FDA Commissioner Gottlieb Proposes Changes for Greater FDA Transparency

Samantha DiGrande

FDA Commissioner Scott Gottlieb, MD, delivered the keynote address during a symposium, "Transparency at the US Food and Drug Administration,” hosted today by the Johns Hopkins Bloomberg School of Public Health. In his speech, Gottlieb announced a number of new initiatives to make the reasoning behind FDAs decision-making more transparent to all healthcare stakeholders.

FDA Commissioner Scott Gottlieb, MD, delivered the keynote address during a symposium, "Transparency at the US Food and Drug Administration,” hosted today by the Johns Hopkins Bloomberg School of Public Health. In his speech, Gottlieb announced a number of new initiatives to make the reasoning behind FDAs decision-making more transparent to all healthcare stakeholders.

“Transparency can be a powerful tool for innovation…the FDA’s goal is to advance transparency without reducing [the] incentive to innovate,” said commissioner Gottlieb.

Beginning later this month, the Center for Drug Evaluation and Research (CDER) is launching a pilot program to evaluate whether disclosing Complete Study Reports (CSRs) following the approval of drug applications can improve the public’s access to drug information. A CSR contains a detailed summary of bottom line information on the results of a trial.

“When we’re able to link to CSRs, it’ll make development of the review document more accessible. We are trying to come up with a more consolidated review memo, 1 document where you can see the consensus and disagreement all in one place, released at the time of the drug approval,” Gottlieb said, “This will allow third parties to run more analytics around our decision-making, and have research better informed by actual data.”

In addition, in order to increase transparency of clinical trial information through the clinicaltrials.gov website, there will now be a National Clinical Trial (NCT) number associated with all registered trials. This number will be linked on the trial's webpage so that it can be referenced throughout other documents the FDA publishes to make all the available data of a specific trial more readily accessible.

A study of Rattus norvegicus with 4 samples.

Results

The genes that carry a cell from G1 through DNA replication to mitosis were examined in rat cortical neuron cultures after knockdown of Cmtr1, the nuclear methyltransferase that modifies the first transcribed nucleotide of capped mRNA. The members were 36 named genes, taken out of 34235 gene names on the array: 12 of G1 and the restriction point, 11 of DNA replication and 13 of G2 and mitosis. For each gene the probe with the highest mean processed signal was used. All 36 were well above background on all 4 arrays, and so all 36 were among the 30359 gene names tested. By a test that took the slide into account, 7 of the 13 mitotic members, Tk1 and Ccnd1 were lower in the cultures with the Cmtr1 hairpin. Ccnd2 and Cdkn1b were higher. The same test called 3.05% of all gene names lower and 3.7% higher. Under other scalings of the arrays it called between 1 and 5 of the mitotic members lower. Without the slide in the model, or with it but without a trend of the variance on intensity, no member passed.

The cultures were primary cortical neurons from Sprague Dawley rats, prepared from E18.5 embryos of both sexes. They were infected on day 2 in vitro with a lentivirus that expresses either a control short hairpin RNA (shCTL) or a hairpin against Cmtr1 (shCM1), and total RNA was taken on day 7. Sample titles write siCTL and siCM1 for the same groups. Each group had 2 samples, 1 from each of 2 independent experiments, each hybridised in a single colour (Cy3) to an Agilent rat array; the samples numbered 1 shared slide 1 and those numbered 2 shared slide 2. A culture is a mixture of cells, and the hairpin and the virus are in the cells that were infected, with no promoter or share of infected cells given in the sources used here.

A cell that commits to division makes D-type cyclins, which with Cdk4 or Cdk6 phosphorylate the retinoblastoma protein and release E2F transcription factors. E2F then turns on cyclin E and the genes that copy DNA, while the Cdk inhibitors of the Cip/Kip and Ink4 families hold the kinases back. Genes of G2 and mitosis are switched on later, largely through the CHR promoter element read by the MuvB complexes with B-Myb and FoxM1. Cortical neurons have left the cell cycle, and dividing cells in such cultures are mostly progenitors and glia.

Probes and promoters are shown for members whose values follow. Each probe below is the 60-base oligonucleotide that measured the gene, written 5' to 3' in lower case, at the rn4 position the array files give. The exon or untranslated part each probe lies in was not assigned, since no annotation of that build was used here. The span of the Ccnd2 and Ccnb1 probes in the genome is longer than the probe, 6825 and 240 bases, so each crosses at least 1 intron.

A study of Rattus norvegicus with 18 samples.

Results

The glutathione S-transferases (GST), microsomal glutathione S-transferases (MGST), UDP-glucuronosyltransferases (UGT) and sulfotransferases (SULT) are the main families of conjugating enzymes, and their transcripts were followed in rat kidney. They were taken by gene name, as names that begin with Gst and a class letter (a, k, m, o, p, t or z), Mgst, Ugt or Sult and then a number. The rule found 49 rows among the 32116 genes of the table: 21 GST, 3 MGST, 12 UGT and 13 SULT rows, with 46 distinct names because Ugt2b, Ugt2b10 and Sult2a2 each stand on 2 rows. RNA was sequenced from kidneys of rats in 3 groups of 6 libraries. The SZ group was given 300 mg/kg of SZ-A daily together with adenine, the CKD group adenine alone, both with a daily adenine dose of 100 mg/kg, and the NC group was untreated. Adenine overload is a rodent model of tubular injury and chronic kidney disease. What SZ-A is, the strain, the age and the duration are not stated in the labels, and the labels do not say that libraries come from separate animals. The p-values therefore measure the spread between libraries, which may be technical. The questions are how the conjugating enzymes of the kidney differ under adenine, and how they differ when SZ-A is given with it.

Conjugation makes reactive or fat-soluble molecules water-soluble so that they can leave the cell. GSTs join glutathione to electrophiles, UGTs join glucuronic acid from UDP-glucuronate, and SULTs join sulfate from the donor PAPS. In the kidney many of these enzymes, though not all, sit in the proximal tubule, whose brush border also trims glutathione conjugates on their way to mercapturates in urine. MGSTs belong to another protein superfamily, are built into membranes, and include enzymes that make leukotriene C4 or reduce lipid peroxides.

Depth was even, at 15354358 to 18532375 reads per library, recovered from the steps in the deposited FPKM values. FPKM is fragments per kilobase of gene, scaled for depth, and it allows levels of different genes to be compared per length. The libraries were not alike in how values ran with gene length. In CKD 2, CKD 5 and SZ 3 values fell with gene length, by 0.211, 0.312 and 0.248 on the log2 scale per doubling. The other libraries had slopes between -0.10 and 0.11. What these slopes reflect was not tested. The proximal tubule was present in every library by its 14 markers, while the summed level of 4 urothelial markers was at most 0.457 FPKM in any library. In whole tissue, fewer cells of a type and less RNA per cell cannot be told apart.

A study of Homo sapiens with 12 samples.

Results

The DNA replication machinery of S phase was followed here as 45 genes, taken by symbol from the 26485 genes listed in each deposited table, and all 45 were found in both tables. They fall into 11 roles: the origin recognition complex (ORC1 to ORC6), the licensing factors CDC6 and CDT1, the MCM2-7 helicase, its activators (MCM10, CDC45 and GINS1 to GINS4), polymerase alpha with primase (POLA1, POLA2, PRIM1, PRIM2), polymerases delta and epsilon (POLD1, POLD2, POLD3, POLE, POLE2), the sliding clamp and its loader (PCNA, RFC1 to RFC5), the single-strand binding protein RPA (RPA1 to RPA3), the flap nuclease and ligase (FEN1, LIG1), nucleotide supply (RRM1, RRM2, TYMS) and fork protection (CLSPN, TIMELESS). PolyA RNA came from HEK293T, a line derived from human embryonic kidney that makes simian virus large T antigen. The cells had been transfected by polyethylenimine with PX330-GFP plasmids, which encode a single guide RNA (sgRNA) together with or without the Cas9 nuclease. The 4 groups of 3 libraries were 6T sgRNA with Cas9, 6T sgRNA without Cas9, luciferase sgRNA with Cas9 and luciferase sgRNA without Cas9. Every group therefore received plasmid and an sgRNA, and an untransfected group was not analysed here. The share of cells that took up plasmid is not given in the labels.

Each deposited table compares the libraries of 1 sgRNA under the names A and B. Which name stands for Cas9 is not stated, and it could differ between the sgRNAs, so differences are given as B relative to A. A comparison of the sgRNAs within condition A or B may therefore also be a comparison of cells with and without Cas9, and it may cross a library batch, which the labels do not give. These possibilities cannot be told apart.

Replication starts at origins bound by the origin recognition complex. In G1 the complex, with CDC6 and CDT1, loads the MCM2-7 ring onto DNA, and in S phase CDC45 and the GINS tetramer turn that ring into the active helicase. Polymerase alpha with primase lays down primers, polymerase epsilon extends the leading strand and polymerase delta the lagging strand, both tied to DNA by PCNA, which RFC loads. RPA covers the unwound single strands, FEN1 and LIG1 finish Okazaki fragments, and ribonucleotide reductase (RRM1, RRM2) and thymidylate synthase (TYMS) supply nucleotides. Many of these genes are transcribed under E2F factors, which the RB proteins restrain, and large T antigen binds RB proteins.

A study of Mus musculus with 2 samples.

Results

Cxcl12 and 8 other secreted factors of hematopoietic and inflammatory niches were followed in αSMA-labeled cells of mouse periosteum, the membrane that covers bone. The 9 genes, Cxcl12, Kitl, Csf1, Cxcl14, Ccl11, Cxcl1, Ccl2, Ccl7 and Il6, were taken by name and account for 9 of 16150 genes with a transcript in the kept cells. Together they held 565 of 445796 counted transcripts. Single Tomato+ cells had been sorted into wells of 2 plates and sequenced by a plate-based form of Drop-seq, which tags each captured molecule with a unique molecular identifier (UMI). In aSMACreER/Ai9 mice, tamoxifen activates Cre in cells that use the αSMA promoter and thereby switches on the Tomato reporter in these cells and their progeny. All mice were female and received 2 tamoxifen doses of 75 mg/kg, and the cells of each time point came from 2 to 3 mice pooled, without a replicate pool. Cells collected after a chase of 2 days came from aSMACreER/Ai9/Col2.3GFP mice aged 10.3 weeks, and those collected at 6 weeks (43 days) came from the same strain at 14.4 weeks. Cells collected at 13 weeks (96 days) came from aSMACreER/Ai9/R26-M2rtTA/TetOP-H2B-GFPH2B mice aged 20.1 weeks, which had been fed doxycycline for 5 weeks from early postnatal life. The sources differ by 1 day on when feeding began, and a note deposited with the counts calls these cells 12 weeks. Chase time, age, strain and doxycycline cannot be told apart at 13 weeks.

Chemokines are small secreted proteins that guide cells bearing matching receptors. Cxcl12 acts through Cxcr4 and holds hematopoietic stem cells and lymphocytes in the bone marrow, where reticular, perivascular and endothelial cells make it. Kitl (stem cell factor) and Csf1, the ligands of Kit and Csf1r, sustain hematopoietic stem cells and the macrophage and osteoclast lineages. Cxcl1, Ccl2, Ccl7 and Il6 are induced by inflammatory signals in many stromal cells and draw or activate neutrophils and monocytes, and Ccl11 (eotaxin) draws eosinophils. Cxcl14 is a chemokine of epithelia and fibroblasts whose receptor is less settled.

Finally, the FDA plans to explore whether it is possible to release additional information about complete response letters (CRLs) that could offer potentially significant health benefits through greater communication. However, Gottlieb did note that there is a legal issue surrounding the potential full release of CRLs because they are technically manufacturer information, and there would have to be a redaction of all proprietary information.

In response to the question, “Should people be worried that patient-level data will be disclosed [through the release of a full CRL]?” Gottlieb said, “This is not patient-level data. We want to make sure the data is presented in a way that someone who is an intelligent researcher and is aware of other data, cannot correlate it in a way that they would have patient-level data. We are working through the legal issues, [however;] initially this is voluntary. We’ll reach out to companies where we think this could be particularly relevant and could add to a more efficient process.”

Some stakeholders feel that Gottlieb’s new position on publishing portions of redacted CRLs that the agency deems relative to public health concerns directly contradicts the position Gottlieb took during his US Senate confirmation hearings. During the hearings, Gottlieb said he would publish full CRLs “after proper redaction of commercial confidential information,” rather than sections of the documents.

Gottlieb’s proposed changes come largely from a published blueprint by Joshua Sharfstein, MD, and Michael Stebbins, PhD, that appeared in JAMA last March, entitled “Enhancing Transparency at the US Food and Drug Administration: Moving Beyond the 21st Century Cures Act.”